Small Business Website Privacy Policy Requirements

If you’re conducting business online in 2020, there are small business website privacy policy requirements you need to implement. No doubt, by now you’ve seen them on almost every website you’ve visited.

In fact, until you select your cookie options and acknowledge the privacy policy, you can’t proceed on some websites.

Web designers need to add a privacy policy page to your website, but it’s not a default task. Each website’s privacy policy should be specific to the policies of that business.

Learn more below about what you might need before publishing a privacy on your website.

Small Business Privacy Policy Requirements

Are you asking yourself whether or not your small business actually needs a privacy policy? The answer is, yes. Starting a business online can feel overwhelming as there’s so much to consider.

There will be many things that you’re trying to tackle all at once. So, it can be easy to just overlook creating a privacy page. But given that there are numerous lawsuits and regulations related to privacy data, you need a privacy policy.

To give you an idea of what you’re dealing with, here are a few examples of directives that require a privacy policy:

  1. Children Online Privacy Protection Rule
  2. California Online Privacy Protection Act
  3. Privacy Shield
  4. EU General Data Protection Regulation

Privacy policies go beyond just having one on your website. Tools that collect data from your website also requires a policy. These include chat widgets, email sign up forms, or website analytics. Even Google’s web analytics tool has a privacy policy requirement in its terms of use.

In addition to good SEO website practices, you’ll probably run online ad campaigns at some point. So, guess what? Both Facebook and Google require that you have a privacy policy if you’re collecting any user data. Additionally, Facebook also requires a privacy policy url for each ad you create. Therefore, circumventing creating a privacy policy is just a bad idea in general.

Whether you’re a small business or large corporation, the FTC has no problem enforcing penalties for consumer privacy violations. In fact, both Facebook and Google were punished for inadequately disclosing how they use consumer’s information.

I’m not trying to frighten you. But hopefully convince you about the importance of having a privacy policy.

Privacy Policy Content?

In truth, there’s no one size fits all when it comes to privacy policy content. However, there is some general information that almost every website’s privacy policy includes. More regulated industries such as financial services or healthcare have stricter privacy guidelines.

The common elements privacy policies include are:

  • Your website URL, owner, as well as contact information. For example: an email address.
  • The type of information you collect on your website such as email sign ups or payment information.
  • Whether or not that information is stored. For instance: usernames or account information.
  • What you do with the information that you collect.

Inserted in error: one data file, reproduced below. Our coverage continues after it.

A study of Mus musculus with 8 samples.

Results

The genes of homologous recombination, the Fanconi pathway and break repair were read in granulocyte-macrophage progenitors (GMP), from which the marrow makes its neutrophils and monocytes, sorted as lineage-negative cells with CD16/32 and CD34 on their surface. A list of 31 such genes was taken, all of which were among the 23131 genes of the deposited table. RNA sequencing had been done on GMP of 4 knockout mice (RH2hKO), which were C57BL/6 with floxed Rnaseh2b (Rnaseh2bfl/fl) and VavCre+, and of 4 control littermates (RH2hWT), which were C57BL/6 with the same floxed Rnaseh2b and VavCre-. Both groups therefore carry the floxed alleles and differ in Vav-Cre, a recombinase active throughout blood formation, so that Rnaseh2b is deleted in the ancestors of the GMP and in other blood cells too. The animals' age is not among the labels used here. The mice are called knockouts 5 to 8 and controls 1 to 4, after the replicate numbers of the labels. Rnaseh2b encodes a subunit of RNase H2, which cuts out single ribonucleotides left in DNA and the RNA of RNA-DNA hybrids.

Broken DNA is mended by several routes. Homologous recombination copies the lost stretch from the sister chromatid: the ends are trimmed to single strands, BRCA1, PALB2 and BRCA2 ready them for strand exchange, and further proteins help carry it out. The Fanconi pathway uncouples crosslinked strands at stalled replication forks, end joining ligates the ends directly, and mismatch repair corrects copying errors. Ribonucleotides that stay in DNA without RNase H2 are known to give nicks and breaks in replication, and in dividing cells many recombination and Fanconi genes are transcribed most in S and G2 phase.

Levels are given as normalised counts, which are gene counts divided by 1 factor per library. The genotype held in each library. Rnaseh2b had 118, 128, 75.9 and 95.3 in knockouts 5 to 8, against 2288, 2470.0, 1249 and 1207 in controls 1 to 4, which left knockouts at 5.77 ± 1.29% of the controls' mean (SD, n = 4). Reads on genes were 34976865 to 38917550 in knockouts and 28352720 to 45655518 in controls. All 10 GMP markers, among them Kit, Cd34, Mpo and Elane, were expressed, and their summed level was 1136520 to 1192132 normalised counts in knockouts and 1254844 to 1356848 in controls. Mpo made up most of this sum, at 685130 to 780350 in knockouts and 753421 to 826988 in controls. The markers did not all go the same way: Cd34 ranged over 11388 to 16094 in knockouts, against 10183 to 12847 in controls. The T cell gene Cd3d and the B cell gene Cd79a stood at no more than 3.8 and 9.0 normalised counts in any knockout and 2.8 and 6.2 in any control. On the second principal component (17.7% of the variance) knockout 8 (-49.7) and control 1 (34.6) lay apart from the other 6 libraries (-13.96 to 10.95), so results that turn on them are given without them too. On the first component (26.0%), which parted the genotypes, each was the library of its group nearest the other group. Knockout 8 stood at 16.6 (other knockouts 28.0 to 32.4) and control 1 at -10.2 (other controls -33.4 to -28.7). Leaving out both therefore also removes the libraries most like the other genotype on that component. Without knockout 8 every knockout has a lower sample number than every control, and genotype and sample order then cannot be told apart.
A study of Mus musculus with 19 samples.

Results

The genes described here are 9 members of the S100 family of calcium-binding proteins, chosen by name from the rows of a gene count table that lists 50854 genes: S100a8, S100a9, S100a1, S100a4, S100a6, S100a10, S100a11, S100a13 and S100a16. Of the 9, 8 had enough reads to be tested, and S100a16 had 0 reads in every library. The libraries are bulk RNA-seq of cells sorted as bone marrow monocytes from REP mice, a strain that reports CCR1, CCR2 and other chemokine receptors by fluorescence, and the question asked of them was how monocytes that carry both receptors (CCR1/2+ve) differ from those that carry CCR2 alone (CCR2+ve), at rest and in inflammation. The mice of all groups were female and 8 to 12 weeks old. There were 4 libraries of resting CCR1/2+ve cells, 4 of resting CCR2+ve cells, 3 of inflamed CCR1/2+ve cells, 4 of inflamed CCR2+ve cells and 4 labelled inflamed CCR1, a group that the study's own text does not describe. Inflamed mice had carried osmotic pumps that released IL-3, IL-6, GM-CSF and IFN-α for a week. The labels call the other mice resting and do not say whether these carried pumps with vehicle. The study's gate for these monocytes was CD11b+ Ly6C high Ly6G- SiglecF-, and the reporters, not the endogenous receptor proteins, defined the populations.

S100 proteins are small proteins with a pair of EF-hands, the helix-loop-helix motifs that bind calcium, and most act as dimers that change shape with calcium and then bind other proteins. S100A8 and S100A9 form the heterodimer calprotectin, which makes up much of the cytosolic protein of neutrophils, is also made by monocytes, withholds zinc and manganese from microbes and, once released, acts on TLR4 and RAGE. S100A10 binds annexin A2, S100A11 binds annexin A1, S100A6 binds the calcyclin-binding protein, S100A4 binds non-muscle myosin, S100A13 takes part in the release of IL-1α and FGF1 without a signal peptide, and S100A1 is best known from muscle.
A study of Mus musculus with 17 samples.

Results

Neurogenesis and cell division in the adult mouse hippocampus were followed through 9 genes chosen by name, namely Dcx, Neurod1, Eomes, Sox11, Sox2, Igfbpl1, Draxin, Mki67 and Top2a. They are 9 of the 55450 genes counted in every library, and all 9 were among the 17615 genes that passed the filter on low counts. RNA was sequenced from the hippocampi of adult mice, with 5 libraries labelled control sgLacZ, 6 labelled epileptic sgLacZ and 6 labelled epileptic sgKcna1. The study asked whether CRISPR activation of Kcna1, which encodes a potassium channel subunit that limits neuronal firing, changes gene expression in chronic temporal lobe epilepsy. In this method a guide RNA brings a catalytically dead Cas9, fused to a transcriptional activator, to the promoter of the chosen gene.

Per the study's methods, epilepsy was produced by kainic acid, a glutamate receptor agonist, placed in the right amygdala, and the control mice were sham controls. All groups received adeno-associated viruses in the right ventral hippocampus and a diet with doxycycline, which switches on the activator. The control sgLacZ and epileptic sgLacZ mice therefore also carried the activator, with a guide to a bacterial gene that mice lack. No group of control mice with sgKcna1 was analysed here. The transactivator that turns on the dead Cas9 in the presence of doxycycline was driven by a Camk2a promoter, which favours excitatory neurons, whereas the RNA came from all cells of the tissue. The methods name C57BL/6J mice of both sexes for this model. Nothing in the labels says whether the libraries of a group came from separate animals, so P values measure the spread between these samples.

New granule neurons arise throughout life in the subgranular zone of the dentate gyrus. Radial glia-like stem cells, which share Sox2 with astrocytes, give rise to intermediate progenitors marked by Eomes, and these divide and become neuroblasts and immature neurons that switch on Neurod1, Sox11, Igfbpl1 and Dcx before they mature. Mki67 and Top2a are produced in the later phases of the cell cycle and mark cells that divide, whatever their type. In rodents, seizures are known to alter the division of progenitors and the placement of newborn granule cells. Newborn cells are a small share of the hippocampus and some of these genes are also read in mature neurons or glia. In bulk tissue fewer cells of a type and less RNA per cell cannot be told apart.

• If a third party vendor or app can access that information.
  • Third party app’s clauses that are needed as part of your usage agreement with them.

The reason for a small business website privacy policy is that it provides a safeguard for you and your visitors. It should be a visible page on your website. You can add a link to the bottom of your website and link to it. You can also add that link to your main navigation menu.

Where to Get a Privacy Policy Content?

The perfect small business website privacy policy for you depends on your business type, business location, and website content. Again, there is no one size fits all. Therefore, you should avoid download and publishing a random template.

But to make life easier, there are some tools, templates, and guidelines to get you started. When you’re searching for one of these tools, use one from an official source. Helpful links like the Better Business Bureau privacy policy tips is a good place to start. And the FTC’s website has lots of information for US businesses.

There are also privacy policy generators if you plan on creating aforementioned Facebook ads.

Wrapping It Up

This article has provided information about the law designed to assist our readers’ understanding legal issues surrounding internet marketing. But legal information is not the same as legal advice.

We have conducted research to make sure that our information is useful and accurate. However, we insist that you consult an attorney if you want professional assurance. This way you can make sure that our information and your interpretation of it is accurate.

To be clear, you may not rely upon this information as legal advice. Nor as support or recommendation of any particular legal understanding. Instead, you should regard this article as intended for entertainment purposes only.

You may also enjoy reading: How To Optimize Video Loading Speed On Your Website

About the Author

Hazel L. Burgess, Founder Envisager Studio

Hazel is the Founder & SEO Director at Envisager Studio, a premier website design agency specializing in WordPress website design, development and internet marketing. In her spare time, she writes about search engine optimization, website design, and internet marketing.